A mortgage is likely to be the largest loan you take out over the course of your lifetime. Since a mortgage term can last up to 30 years, it makes sense to find one that is affordable. Here are some simple tips to keep in mind when seeking an affordable mortgage:

Be Realistic About What You Can Afford

To avoid the possibility of foreclosure, it’s important to be realistic about your earnings and how much you can afford to pay on a monthly basis. To assess your borrowing capacity, in addition to your credit score, mortgage lenders use what’s known as the “28/36 Rule.” This basically states that a household should spend no more than 28% of its gross monthly income on housing, and no more than 36% on total debt service. Use a mortgage calculator to help determine how much you can comfortably afford and whether it falls within the 28/36 Rule.


Many mortgage lenders typically require a down payment of 20% of the purchase price of the property. If you are able to make a larger down payment, this could effectively lower the amount of your monthly mortgage payments. In some cases, a larger down payment could also help you get offered a lower interest rate on your loan. If you’re unable to make a down payment of 20% or greater, you may be able to qualify for a government-secured FHA loan, which would typically require lower minimum down payments and credit scores than many conventional loans.

Aim for a Good to Excellent Credit Score

Borrowers of conventional home loans usually need at least a score of 620 to have a chance for approval. Aiming for a credit score in the “good to excellent” range — generally over 700 — will increase your likelihood of approval, in addition to offering you better loan terms. The higher your credit score is, the better mortgage terms you will be offered. This can make a huge difference in the long term, as just a few tenths of a point off the interest rate can greatly lower the amount of interest paid over the life of the mortgage.

Shop Around for the Best Terms

Home loans are available from several types of lenders — commercial banks, thrift institutions, mortgage companies, and credit unions. They can also be secured through a mortgage broker. Lenders and brokers may offer different prices for the same loan terms to different consumers, even if those consumers have the same loan qualifications. As a result, you should contact several lenders to ensure you’re getting the best deal.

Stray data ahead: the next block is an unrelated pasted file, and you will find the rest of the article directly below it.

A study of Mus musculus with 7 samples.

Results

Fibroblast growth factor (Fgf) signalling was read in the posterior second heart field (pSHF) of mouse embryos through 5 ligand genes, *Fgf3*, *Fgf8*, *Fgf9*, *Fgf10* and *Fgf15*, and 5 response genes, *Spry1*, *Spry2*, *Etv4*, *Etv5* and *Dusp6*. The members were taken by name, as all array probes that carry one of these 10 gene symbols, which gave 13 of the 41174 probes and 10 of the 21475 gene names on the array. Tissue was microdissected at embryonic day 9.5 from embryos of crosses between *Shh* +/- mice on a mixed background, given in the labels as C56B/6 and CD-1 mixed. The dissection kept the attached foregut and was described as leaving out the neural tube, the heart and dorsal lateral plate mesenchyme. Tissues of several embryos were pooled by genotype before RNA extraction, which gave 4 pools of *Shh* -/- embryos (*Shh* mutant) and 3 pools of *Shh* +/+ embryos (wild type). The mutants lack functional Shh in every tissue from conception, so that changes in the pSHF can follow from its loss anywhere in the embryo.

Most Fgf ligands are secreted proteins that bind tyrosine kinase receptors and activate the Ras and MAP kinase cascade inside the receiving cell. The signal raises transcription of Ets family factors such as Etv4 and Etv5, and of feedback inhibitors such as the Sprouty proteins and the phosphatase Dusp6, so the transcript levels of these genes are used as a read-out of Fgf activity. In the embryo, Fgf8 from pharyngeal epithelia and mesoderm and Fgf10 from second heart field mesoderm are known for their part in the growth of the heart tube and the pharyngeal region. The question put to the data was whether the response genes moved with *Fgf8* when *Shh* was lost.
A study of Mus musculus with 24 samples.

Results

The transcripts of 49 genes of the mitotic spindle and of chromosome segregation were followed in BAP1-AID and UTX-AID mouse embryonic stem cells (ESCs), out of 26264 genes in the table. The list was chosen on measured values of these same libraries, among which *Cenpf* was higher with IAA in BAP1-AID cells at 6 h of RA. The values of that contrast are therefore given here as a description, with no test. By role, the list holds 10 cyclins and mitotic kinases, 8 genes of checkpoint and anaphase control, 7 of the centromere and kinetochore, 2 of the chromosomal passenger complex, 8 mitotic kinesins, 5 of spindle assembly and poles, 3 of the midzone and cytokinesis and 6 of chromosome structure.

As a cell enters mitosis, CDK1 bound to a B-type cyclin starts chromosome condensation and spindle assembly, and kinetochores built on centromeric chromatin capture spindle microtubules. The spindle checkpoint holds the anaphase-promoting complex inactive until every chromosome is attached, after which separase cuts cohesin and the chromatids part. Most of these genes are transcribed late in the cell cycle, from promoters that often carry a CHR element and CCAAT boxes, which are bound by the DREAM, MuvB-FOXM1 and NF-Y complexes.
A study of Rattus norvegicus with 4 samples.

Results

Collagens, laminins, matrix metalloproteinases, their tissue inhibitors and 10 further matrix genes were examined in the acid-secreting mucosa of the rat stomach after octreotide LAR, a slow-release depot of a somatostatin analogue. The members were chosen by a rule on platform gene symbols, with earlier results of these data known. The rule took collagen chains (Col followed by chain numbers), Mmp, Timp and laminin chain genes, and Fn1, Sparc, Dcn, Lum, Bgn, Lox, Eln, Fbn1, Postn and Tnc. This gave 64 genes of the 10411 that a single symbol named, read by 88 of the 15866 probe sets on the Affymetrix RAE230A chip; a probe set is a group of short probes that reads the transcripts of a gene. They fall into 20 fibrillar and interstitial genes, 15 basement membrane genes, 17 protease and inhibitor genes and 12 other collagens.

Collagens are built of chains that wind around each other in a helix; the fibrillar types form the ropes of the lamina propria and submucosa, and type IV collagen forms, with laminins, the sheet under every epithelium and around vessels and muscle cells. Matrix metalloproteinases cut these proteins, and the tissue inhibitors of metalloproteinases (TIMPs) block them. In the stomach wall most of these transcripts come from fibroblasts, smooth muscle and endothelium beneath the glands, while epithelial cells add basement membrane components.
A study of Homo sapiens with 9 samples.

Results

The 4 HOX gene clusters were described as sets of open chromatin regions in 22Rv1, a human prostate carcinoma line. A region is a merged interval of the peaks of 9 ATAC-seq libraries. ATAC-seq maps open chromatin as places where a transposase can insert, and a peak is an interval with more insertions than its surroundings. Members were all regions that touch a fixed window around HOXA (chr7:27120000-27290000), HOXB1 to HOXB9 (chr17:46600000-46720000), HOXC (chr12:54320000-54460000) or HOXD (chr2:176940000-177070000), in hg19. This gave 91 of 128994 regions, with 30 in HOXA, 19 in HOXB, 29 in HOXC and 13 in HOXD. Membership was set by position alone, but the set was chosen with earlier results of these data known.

7 Comments

  1. Steven Ludwikowski on January 15, 2018 at 6:14 pm

    Thank you for your knowledge.

  2. Alex on January 29, 2018 at 6:03 pm

    How u can help ..? And I wanna buy the house I’m not good credit so

  3. donna marshall on January 31, 2018 at 3:02 pm

    how can i get help

  4. Roberta Lynne Sherwood on February 12, 2018 at 5:46 pm

    I don’t have the best credit…but NEED a home. Can you help?

  5. Lucille Robinson on February 28, 2018 at 5:22 pm

    How do I get a lower mortgage payment with a 560 credit score. Everyone I talk to says it can’t be done because I need at least a 580. I got a month behind and am always receiving threatening letters. Can you help me?

  6. gary myers on March 3, 2018 at 6:19 pm

    what is pmi ,di i have to pay it

    • Jessica S. on March 14, 2018 at 4:10 pm

      Hi Gary,

      Private mortgage insurance, also called PMI, is a type of mortgage insurance you might be required to pay for if you have a conventional loan. PMI protects the lender if you stop making payments on your loan.

      PMI is arranged by the lender and provided by private insurance companies. It is usually required when you make a down payment of less than 20 percent of the purchase price. If you’re refinancing with a conventional loan and your equity is less than 20 percent of the value of your home, PMI is also usually required.

      I would recommend contacting your lender for more information. I hope this information is helpful.